My name is Thorkild Olesen, I’m coming from Denmark and I am part of the Board of Directors for the European Disability Forum. I represent the Constituency of Persons with Disabilities but I am here today to speak as a representative of civil society, as part of the UN ECE Regional CSO Engagement Mechanism.
Education is the key tool to achieving Agenda 2030 and creating a more just and peaceful world beyond 2030. However, education needs to be available for all people, leaving no one behind. All children should have access to quality and inclusive education, including education to minority groups, children and youth with disabilities, migrants, children in conflicts. Universal access to education for all is the ultimate goal. Education should be comprehensive focusing on the development of the individual.
Learning about intercultural values and languages, including sign languages and other minority and indigenous languages should be promoted within and outside the school system so that communities can become places of social learning. The power of storytelling and positive stories of change should be better harnessed to inspire leadership for sustainable development.
Comprehensive sexual education is critical to eliminate gender stereotypes and transform unequal power relations as well as to ensure that young people, including youth with disabilities, can lead safe, healthy and productive lives, and have a comprehensive view that deals with comprehensive social aspects: gender literacy, LGBTI, to go beyond tabou.
Quality education includes significant changes to the way we learn. We need to develop teaching methodology that lead to understand systems interlinkages and that lead individuals to understand their own values and other values of the community. We must move away from top-down teaching methodology and include individuals as partners in the learning process. The role of teachers is changing, and we need to allow for skills development for teachers.
Finally we would like to reaffirm how SDG 4.7 is crucial: education for sustainable development and sustainable lifestyles, human rights, gender equality, promotion of a
culture of peace and non-violence, education for global citizenship for disaster risk reduction should be systematically integrated to national policies and educational systems.
INTERVENTION OF SECOND SPEAKER: SIMON HERTELEER, pre-youth meeting
I have been asked to provide a brief intervention on behalf of the youth constituency at this forum as for my own constituency, YSAFE – the youth network of IPPF EN, involving young advocates and peer educators in the field of sexual and reproductive health and rights.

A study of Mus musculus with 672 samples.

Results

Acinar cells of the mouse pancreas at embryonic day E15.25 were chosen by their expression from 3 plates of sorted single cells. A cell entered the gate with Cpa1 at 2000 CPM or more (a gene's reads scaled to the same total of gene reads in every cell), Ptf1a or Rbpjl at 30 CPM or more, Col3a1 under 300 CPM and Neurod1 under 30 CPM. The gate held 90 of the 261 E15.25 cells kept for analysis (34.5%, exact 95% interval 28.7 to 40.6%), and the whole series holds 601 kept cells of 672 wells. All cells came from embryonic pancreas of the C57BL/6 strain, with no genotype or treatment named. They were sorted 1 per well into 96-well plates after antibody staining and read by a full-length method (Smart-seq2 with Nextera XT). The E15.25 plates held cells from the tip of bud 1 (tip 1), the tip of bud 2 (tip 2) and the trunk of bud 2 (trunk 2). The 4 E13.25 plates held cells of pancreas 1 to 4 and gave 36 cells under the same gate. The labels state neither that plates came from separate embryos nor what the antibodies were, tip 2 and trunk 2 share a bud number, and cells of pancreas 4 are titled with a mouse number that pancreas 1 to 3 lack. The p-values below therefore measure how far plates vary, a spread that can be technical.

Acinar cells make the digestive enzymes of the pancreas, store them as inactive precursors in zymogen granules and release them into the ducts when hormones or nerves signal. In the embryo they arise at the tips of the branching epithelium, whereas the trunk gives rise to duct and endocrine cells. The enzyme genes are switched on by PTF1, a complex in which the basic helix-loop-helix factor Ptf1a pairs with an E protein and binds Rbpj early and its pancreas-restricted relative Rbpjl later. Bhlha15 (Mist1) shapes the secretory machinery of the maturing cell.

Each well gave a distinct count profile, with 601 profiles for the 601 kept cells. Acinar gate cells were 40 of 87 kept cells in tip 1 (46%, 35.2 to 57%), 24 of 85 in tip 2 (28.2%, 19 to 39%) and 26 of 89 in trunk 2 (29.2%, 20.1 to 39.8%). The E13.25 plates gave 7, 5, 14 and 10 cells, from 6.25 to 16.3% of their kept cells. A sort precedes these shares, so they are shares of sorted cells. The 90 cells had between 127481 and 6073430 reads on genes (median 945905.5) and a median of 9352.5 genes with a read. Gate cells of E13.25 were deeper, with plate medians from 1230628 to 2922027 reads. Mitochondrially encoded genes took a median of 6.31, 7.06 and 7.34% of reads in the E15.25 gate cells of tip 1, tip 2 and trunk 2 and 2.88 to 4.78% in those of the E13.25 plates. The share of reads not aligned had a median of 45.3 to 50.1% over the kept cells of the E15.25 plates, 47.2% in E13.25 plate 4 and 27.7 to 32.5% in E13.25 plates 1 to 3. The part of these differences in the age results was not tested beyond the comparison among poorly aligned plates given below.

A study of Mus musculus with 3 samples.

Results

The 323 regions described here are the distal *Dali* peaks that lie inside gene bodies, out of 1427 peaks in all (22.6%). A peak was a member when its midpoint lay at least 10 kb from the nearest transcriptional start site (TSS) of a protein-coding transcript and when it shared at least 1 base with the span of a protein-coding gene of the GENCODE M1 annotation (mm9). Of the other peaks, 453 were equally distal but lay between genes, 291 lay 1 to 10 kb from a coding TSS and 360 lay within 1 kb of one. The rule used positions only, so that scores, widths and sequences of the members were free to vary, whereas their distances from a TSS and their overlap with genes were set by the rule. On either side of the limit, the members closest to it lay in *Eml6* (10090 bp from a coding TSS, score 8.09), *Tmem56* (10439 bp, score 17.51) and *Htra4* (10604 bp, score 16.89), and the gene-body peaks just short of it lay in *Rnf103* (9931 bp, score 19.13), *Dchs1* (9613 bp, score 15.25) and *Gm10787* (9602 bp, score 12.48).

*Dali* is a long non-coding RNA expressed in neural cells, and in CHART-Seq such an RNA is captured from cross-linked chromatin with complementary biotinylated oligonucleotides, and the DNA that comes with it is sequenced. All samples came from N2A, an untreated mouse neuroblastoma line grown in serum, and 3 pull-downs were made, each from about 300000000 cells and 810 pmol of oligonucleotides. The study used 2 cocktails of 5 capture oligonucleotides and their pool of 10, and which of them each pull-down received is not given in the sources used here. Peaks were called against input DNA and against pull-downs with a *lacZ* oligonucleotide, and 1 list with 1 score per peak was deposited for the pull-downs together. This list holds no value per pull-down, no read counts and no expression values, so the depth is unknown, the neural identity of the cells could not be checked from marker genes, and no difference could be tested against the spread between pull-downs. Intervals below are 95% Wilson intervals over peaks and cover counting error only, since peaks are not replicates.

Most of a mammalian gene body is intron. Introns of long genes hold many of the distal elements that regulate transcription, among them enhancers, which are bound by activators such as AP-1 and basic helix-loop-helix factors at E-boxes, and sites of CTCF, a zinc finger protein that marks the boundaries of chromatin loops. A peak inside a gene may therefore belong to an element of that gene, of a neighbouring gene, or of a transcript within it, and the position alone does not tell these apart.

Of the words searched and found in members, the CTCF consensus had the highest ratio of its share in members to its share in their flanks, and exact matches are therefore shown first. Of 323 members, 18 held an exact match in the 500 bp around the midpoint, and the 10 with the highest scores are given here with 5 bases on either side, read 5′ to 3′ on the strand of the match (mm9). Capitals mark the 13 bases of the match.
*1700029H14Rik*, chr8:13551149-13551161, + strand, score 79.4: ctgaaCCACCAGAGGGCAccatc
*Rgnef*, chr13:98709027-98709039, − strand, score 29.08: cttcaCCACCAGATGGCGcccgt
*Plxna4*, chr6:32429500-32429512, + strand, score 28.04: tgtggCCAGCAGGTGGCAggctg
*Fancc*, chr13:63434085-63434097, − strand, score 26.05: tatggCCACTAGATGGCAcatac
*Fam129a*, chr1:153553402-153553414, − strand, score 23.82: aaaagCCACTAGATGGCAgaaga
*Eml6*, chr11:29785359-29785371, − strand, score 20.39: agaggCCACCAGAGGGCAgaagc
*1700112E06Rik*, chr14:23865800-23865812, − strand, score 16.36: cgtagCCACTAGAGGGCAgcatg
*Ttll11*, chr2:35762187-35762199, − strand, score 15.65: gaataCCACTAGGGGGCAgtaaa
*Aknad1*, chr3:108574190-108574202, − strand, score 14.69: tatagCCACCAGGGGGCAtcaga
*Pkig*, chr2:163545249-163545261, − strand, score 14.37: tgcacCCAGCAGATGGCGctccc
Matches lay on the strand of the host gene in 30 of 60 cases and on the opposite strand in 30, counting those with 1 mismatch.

My name is Simon and I am from Belgium. I have been in a privileged position for the entirety of my life. Yet it is this privilege that has led me to identify and strive to change the challenges that we, as a society are faced with in the field of education. Accessibility in the financial, linguistic, social, structural and individual realms remain a major challenge. The use of outdated educational frameworks that are not human rights based, do not include sustainability or even the possibility to learn about our own bodily autonomy through comprehensive sexuality education is a major hurdle to achieving SDG 4. The inherent exclusion and discrimination present in the system, where people with disabilities and from underserved groups – such as the roma community and individuals with a disability – are unable to be a part of the regular educational system, must be promptly addressed.
We must amend our educational system in content and in accessibility. It is necessary to offer accessible – if possible digital – alternatives. Integrate online learning platforms to regular education systems, allowing them to become reachable to communities throughout countries. Mainstreaming sustainability throughout the system and including self-determination as a core value is necessary. In order for this to happen, the inclusion of non-formal education and techniques within a formal system is necessary. It is necessary to incorporate international commitments, such as those made for sexual and reproductive health and rights under ICPD, which celebrates – as myself, its 25 year of existence. We must stop shaping individuals for the educational system but rather shape the system for the benefit of the individual.
Finally, it is imperative that we are honest when we implement the SDG agenda. We must be self-critical, look further than only numbers and statistics towards qualitative and maintainable solutions that reflect a will to leave no-one behind.